Frankenstein

Ghosts and Gills- Frankenfish

posted by Veronique Koch on 28 October 2013

Only a few days left until Hallowe’en! Are there any fishy disguises in your future? Today’s creepy critter could be interpreted two ways: a crazy one-off mixed up fish or an Orwellian future of seafood. Both are pretty scary to us.

Today’s Ghosts and Gills is about… the Frankenfish. We all know Mary Shelly’s Frankenstein, the story of a doctor who goes too far to create life and engineers a scary monster. That moment when the monster awakens with a moan and stiffly sits up is enough to make the hairs go up on the backs of our necks.


One weird goldfish

Our first monster fish story was in the news a year ago when an angler in Cambridge, England caught a carp that appeared to be made of the head of a roach, the body and tail of a brown goldfish and the caudal fin of a bream. Experts have chalked it up to being a hybrid between a fantail goldfish and a common goldfish, but we can’t be sure since the angler threw the fish back into the water. (We guess that even Frankenfish deserve proper catch and release.)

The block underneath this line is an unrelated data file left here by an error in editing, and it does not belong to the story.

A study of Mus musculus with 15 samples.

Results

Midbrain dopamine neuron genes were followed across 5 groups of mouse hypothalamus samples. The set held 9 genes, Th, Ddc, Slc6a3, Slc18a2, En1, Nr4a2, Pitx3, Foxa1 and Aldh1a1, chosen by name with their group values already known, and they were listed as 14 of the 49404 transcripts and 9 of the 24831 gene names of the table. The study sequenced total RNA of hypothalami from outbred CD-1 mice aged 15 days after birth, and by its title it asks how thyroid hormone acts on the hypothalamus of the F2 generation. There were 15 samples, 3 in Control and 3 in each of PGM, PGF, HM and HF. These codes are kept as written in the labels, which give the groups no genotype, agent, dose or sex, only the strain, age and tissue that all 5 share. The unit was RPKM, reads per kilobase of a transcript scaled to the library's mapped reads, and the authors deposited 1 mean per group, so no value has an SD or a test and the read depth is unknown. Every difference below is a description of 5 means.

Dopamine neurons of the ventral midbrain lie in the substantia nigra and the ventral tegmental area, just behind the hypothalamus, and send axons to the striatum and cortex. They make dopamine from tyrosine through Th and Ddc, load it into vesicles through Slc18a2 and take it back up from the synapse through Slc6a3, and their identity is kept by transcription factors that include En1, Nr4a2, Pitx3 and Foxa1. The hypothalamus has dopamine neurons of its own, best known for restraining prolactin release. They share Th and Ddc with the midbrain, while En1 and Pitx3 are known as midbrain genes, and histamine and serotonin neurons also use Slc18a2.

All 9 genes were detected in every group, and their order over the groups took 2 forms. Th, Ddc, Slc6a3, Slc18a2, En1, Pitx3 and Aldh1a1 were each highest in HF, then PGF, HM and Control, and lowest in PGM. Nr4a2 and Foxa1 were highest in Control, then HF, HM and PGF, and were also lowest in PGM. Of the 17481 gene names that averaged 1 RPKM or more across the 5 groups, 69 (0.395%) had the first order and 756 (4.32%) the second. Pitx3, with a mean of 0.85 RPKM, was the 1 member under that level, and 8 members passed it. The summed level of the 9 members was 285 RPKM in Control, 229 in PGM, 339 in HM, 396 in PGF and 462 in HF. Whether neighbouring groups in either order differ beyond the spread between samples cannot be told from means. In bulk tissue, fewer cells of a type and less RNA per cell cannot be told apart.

GMO fish: today’s monsters?

Our second story is a little more somber than the first. In the coming weeks, the US Food and Drug Administration (FDA) is set to approve the sale of the first genetically modified animal, GMO (genetically modified organism) salmon. This salmon is a mix between an eel-like fish called an ocean pout and two types of salmon is marketed by Aquabounty as AquAdvantage fish. The genetically engineered fish grows much faster than regular farmed salmon. Aquabounty is also proud of their “environmentally sustainable” standards since they are using land-based farms (so no pollution to outside water sources) and are keeping their carbon footprint small by situating themselves near large markets. GMO salmon obviously a very controversial venture and there are still questions about the long term impacts on human health and the environment. For now it is unclear as to whether Aquabounty will obtain the approval of the FDA or whether they will have to label their product if they do get the green light. And all these uncertainties are very scary indeed.

Frankenfish salmon?

Would you eat a Frankenfish? Comment below, please!